A new merger control philosophy
The shift from assessing the total business of the firms merging to the target business of the deal has tremendous implications
The ministry of corporate affairs’ notification in March this year on thresholds for mergers and amalgamations is a shift in methodology from the principle of “attributability” to that of “size of business”. The defining principle now for merger control is no longer attributable to the total business of the firms merging or being acquired but to the target business of the deal. This shift in methodology has tremendous implications—not only for firms that come under the purview of the Competition Commission of India (CCI) but also in terms of the perspective on large size and market power. The Competition Act mandates all acquisitions of shares, voting rights, control or assets, mergers and amalgamations by domestic and foreign firms above a certain threshold to seek clearance from the CCI, primarily to ensure that these transactions do not create large firms that can exert market power.
Notifications by the ministry have appropriately focused on thresholds only. The current notification signifies a policy shift that should be viewed as part of the government’s larger thrust towards “ease of doing business” in India. It is a small but significant attempt to capture the changing dynamics of modern business.
The thresholds when first established were in the context of winning the trust of business houses vis-à-vis the newly announced merger control regime. Apprehensions were palpable in all meetings pre-merger control. This reluctance on the part of businesses was understandable. CCI represented yet another layer of bureaucratic control, adding to the prevailing clearance from Securities and Exchange Board of India (Sebi), the capital markets regulator. In their perception, a new and inexperienced CCI could also endanger a merger by its ineptitude. Successful mergers require swift decisions with minimal public attention. Delay or uncertainty can derail a transaction by triggering volatility in share prices, or even provoke the emergence of an unexpected dark horse. However, those apprehensions have been allayed by the track record of 400 merger cases since then.
But the ministry’s current notification seem to point to new apprehensions stemming from the principle of attributability and exemptions provided under de minimis conditions. The principle of attributability created uncertainty due to the scope for interpretation. There were eight categories of thresholds covering assets and revenues, from Rs2,000 crore to Rs24,000 crore, and $1 billion to $12 billion, for mergers and acquisitions to be exempted. Moreover, the implementation of de minimis and resultant exemptions showed a capital markets regulator perspective rather than a regulatory perspective based on market power. This added to the prevailing discomfort.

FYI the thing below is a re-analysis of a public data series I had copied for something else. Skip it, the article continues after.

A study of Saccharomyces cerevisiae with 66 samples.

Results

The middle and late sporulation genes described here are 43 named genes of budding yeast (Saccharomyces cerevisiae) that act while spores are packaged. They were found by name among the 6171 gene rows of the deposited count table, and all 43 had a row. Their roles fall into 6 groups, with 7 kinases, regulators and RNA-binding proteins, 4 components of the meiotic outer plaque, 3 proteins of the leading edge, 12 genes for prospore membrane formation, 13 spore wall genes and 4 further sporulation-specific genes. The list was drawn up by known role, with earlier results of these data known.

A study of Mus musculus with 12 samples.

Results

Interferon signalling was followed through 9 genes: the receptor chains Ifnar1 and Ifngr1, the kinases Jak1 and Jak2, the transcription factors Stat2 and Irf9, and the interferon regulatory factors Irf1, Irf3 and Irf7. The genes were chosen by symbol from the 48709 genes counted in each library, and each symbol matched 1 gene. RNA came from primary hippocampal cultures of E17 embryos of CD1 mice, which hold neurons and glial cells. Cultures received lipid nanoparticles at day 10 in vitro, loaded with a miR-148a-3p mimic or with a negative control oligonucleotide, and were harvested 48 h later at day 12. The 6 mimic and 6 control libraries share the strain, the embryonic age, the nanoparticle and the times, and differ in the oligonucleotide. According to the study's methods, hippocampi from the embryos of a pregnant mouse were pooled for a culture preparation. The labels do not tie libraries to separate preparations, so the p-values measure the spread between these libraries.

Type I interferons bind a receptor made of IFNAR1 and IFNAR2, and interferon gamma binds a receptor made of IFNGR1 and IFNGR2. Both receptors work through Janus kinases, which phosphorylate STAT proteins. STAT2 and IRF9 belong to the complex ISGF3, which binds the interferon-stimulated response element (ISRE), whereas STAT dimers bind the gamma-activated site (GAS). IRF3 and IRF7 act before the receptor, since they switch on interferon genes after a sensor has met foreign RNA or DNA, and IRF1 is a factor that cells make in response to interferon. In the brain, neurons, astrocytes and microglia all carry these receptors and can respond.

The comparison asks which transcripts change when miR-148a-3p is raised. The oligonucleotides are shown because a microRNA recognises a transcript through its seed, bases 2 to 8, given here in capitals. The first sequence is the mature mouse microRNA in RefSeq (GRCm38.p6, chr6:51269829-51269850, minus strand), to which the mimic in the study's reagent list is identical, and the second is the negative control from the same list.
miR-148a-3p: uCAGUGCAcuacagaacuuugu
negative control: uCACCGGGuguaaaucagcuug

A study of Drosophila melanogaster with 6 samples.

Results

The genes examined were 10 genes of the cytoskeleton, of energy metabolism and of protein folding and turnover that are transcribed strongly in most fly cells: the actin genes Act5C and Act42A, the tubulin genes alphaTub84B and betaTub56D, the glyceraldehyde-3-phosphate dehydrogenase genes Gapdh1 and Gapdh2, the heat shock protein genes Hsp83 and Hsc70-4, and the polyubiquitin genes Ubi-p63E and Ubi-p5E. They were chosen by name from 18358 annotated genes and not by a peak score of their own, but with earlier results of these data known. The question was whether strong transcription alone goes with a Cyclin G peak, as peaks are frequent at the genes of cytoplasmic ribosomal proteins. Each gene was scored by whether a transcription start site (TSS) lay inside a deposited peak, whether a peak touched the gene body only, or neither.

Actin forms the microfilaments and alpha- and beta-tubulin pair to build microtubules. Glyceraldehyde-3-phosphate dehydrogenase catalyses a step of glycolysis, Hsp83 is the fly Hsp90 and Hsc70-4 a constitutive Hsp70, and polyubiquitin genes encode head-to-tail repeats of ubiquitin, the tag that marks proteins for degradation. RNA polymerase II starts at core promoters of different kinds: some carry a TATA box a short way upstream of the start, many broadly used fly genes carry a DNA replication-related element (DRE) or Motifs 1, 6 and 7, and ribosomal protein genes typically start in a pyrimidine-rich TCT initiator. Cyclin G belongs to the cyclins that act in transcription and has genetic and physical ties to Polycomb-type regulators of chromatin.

A quick look back at CCI cases would help explain the unease with existing regulations. One set of mergers involved reshuffling of portfolios by business houses to strategize on their core business—divesting unrelated activities inherited from the license raj framework. Another set saw collaboration of foreign and Indian firms in springs, automobile spare parts, health, pharma, biotechnology, liquor and airlines, strengthening the former’s presence in markets in India. All mergers were cleared under the principle of attributability. Well and good—but so far, there have been no decisions pertaining to high tech markets, or involving patents or FRAND (fair, reasonable and non-discriminatory) licensing. These are truly complex cases when it comes to merger control and anti-trust analysis.
In markets where firms are global and large, as in high tech, or in the case of patents that are licensed, monopolies are the new normal. “Size of business” is more appropriate here. The reference threshold in this case should be with regard to the business that is being acquired, not the entire business of the firm(s). In the same vein, is the antitrust market in a multi-product firm the entire business or the acquired business? Arguments have been made for both approaches. Large firms have a right to expand; they are perhaps required in areas where their strong fundamentals can sustain forays into research and development.
Thus, the wider thresholds under the new dispensation—with emphasis on target business—will ensure that more such mergers will bypass merger control regulations, minimizing the degree of uncertainty. Traditional metrics of market size and share that flow from the principles of attributability and de minimis detract from a robust merger control assessment in the high tech sector, or patent-related ventures, where the criteria for asserting market power has to be seen in the context of innovation cycles and benefits to consumers. The new de minimis condition hopefully will help redefine anti-trust activity from mere size parameters to metrics more appropriate to modern business.
Foreign investors look for legal certainty or predictability to avoid expensive litigation in the future. Clarity and consistency is sought in: (i) the measurement of thresholds; (ii) rationale in exemptions granted; (iii) reasoned effects-based decisions; and (iv) rights of investors regarding their patents and trade-marks. The March 2017 notification should be seen in this light. It is an attempt to balance competitive analysis in a modern context.
Geeta Gouri is a former member of the Competition Commission of India.